Do certain wind regimes promote surface melt over George VI Ice shelf?
Lead supervisor: Dr Amelie Kirchgaessner
Location: British Antarctic Survey, Cambridge
Duration: 6 weeks
Suitable undergraduate degrees: Engineering, Physics, Mathematics, Computing
The floating ice shelves around Antarctica provide a buffer against rapid ice flow from the continent’s interior to the ocean. If that buffer is reduced or removed, the ice flow towards the ocean will accelerate. Unlike the ice shelves themselves, this ice flow will contribute to global sea level rise. It is therefore important to understand the controls on ice shelf stability, to assess and predict a possible future ice shelf collapse. Evidence shows that one source of ice shelf instability comes from surface melting and the movement of the meltwater. This project contributes to research of the supervisor into the atmospheric drivers of surface melt over ice shelves around the Antarctic Peninsula.
Adiabatic warming in the lee of mountains (Föhn) has been found to be the key driver behind surface melt over the Larsen Ice Shelf. Orographic conditions around GVIIS are similarly conducive to the occurrence of Föhn winds. The orography, though, is also well suited to channel warm northerly air flow over the ice shelf, which should have similar potential to induce surface melt. High resolution simulations of the atmosphere and the surface mass balance in the area of George VI ice Shelf (GVIIS) will be used to investigate the atmospheric drivers of such surface melt.
The key steps and questions of this project are the following:
- Identify events or periods of increased surface melt in the data set.
- Investigate the atmospheric flow and wind regime leading up and during these melt events.
- Do Föhn winds or channel flow play an important role leading to these melt situations?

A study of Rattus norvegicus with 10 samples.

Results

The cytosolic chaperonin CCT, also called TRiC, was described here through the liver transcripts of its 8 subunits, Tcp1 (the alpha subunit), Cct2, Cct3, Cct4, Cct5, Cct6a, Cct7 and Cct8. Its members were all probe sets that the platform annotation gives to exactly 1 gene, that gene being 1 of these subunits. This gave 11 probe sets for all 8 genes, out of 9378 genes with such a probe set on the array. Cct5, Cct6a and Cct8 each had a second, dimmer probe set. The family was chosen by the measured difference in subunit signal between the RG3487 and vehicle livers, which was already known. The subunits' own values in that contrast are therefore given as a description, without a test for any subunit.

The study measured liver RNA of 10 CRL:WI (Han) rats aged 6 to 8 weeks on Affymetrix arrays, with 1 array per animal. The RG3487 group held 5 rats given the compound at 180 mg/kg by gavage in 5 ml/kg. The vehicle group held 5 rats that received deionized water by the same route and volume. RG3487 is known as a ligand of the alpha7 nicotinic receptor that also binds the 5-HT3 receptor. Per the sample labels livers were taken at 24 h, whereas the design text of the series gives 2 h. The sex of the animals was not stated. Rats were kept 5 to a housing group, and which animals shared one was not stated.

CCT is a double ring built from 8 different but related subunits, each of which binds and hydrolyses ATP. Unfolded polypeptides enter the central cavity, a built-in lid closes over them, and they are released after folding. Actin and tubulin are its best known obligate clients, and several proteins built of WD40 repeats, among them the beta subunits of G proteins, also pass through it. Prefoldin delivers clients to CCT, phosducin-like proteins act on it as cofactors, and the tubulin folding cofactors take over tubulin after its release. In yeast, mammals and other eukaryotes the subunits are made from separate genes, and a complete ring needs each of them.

- If this is the case, is one a dominant driver for melt?
The student will use existing simulations of the regional atmospheric climate model RACMO2 from 1979 to 2016.
Model output of radiative and turbulent fluxes at and near the surface will be used to identify melt events in the local surface energy balance. Pressure and wind fields together with potential temperature and humidity fields will be used to identify the wind regime.
Some of the steps can be addressed by adapting computer code that already exists within the team, others will give the student opportunity to practice or develop their programming skills.
The prospective student should be doing a numerate degree and have basic physics knowledge. Knowledge of basic meteorology, data processing and statistical analysis is desirable. They should have some programming experience.
van Wessem, J. M., van de Berg, W. J., Noël, B. P. Y., van Meijgaard, E., Amory, C., Birnbaum, G., Jakobs, C. L., Krüger, K., Lenaerts, J. T. M., Lhermitte, S., Ligtenberg, S. R. M., Medley, B., Reijmer, C. H., van Tricht, K., Trusel, L. D., van Ulft, L. H., Wouters, B., Wuite, J., and van den Broeke, M. R.: Modelling the climate and surface mass balance of polar ice sheets using RACMO2 – Part 2: Antarctica (1979–2016), The Cryosphere, 12, 1479–1498, https://doi.org/10.5194/tc-12-1479-2018, 2018.